CFCC's Marine Technology program sends students out to sea, readies them for sustainable energy jobs
The Marine Technology program at Cape Fear Community College has training cruises underway for the summer. The skills they learn could be invaluable for companies scouting locations for off-shore wind power.
The Marine Tech program has a total of 5 training cruises where they send students out to sea aboard the RV Cape Hatteras. Jason Rogers, department chair of the program, led this summer’s first full-capacity cruise since before the pandemic. This summer’s cruise focuses on the use of marine instrumentation used in hydrographic surveying and data analysis.
Sometimes, that means finding shipwrecks, like the Greg Mickey.
“Two big pieces of equipment that we’re using this week are the side-scan sonar and the magnetometer….We were out at frying pan tower and we dragged back and forth over the mickey. When we saw the mickey we saw that the magnetometer lights up, it sends back a really strong signal of ferrous metal because that’s what that ship that’s been sunk was actually made of. So you remember as we were on the boat today, we would send both of those instruments off the back…. that send data real-time back to computers in the computer lab on the vessel," Rogers said.
Another piece of equipment, the side-scan sonar, sends back data referencing acoustic pulses which produce acoustic shadows of objects on the seafloor. Students ran lines back and forth over a shipwreck to produce an image of where that ship is located on the ocean floor. Rogers said the instruments students are learning were being used to search for petroleum but are now being used to survey areas for renewable energy sources.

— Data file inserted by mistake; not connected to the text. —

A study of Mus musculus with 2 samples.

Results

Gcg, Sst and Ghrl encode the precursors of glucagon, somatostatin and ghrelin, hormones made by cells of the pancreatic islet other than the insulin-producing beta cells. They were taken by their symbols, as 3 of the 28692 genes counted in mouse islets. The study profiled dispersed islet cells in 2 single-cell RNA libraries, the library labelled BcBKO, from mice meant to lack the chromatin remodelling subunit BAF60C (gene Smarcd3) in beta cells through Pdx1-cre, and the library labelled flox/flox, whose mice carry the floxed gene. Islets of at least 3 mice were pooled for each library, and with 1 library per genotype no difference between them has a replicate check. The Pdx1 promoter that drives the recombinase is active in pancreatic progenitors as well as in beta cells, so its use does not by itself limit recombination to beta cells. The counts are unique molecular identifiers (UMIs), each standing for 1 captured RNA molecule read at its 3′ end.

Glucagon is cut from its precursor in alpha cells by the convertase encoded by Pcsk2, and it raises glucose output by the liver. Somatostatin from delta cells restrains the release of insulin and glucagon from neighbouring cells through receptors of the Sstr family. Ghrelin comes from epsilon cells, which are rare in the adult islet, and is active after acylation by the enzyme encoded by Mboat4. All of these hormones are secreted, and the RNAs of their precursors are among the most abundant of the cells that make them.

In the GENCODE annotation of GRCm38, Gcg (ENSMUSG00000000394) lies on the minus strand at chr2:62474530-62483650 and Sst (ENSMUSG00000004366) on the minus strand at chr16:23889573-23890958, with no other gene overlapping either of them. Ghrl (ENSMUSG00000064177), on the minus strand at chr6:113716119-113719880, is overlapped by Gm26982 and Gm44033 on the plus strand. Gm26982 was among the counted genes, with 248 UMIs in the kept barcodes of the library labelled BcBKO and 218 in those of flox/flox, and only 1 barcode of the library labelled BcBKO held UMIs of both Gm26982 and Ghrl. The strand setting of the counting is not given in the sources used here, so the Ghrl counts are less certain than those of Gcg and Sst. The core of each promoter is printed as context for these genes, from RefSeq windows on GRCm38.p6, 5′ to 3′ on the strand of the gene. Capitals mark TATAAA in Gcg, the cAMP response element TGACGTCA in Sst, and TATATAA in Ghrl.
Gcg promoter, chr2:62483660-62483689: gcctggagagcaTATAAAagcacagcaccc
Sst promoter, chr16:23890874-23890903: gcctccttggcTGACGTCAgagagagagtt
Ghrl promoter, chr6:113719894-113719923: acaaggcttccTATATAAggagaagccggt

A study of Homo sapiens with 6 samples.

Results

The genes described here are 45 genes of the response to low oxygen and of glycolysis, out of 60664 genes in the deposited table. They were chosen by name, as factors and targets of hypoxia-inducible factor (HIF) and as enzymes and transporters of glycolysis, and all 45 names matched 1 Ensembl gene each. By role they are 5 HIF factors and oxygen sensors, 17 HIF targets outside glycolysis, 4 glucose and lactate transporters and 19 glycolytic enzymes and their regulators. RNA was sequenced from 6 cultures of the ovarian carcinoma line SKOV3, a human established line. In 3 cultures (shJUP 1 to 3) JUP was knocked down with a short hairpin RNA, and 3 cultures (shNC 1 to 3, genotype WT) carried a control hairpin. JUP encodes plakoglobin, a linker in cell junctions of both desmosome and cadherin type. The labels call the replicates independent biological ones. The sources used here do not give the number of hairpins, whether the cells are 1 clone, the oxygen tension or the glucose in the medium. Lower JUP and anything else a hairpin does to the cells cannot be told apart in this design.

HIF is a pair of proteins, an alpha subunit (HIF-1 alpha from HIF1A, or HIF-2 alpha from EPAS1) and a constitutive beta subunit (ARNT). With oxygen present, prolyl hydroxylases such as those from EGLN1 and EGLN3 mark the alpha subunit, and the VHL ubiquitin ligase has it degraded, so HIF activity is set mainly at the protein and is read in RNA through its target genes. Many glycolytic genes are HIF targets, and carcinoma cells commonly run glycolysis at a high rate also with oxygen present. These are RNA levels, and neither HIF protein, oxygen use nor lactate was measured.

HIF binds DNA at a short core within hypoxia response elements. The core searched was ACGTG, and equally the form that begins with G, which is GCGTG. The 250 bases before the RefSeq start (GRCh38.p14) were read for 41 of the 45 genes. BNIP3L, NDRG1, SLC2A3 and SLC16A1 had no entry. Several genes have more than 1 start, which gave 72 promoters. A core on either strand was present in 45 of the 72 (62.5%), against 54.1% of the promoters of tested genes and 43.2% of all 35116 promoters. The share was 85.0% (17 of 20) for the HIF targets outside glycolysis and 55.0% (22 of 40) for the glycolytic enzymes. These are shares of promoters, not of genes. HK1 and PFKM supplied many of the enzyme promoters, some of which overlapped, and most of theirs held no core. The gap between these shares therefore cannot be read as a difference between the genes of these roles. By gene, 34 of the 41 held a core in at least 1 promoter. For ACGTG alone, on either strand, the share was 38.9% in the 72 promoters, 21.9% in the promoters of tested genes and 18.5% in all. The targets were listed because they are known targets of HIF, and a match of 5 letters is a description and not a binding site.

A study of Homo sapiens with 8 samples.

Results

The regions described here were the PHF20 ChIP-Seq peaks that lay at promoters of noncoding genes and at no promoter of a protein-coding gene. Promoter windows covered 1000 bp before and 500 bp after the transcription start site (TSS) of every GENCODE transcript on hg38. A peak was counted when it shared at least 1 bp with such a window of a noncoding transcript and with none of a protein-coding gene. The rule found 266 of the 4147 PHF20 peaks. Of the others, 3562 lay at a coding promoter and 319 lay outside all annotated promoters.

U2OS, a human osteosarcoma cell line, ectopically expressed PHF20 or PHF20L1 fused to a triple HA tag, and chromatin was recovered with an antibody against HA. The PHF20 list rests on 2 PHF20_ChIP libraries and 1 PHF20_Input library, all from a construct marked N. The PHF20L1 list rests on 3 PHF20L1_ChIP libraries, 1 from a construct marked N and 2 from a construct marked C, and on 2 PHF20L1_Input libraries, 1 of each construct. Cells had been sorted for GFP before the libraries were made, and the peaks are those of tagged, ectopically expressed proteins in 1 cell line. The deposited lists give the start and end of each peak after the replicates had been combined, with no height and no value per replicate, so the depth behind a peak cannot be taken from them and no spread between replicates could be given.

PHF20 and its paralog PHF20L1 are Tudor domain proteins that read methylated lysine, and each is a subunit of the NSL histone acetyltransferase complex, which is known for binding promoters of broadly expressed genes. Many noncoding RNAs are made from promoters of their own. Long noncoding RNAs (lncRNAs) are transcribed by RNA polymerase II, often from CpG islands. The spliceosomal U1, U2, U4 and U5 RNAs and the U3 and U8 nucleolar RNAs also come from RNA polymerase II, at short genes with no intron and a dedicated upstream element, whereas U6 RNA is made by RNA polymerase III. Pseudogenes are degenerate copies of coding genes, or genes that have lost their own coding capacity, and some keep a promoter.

Those areas have to be able to support significant infrastructure, that can handle the stresses of wind and the ocean.
“Wind farms are now on our backdoor. They’re going to be here, and they’re going to be here quite soon. And we’re getting to a point now with wind farms where bigger is better. It gives companies a much bigger bang for their buck, instead of putting in a lot of small towers they put in fewer large turbines. Well, those turbines have incredible forces on them as they’re capturing wind and spinning. We have to make sure that the sediment, some 120 ft below the surface is of a consistency and type that it can support those enormous turbines," Rogers said.
Rogers hopes companies scouting for these locations will recognize that the training students have had at sea, makes them well-prepared for the job.
"So when companies come to explore the area, we’re here in town…and we’re positioned so well that when you hire one of our graduates, you know they’ve been to sea, you know they know how to operate underway, and they’ve been exposed to much of the same equipment that they’re going to be using at the job," he said.
Back in May, Duke Energy leased shorelines out in Long Bay off the coast of NC. This week students were surveying that area in the same way professional hydrographic surveying companies would before installing wind turbines.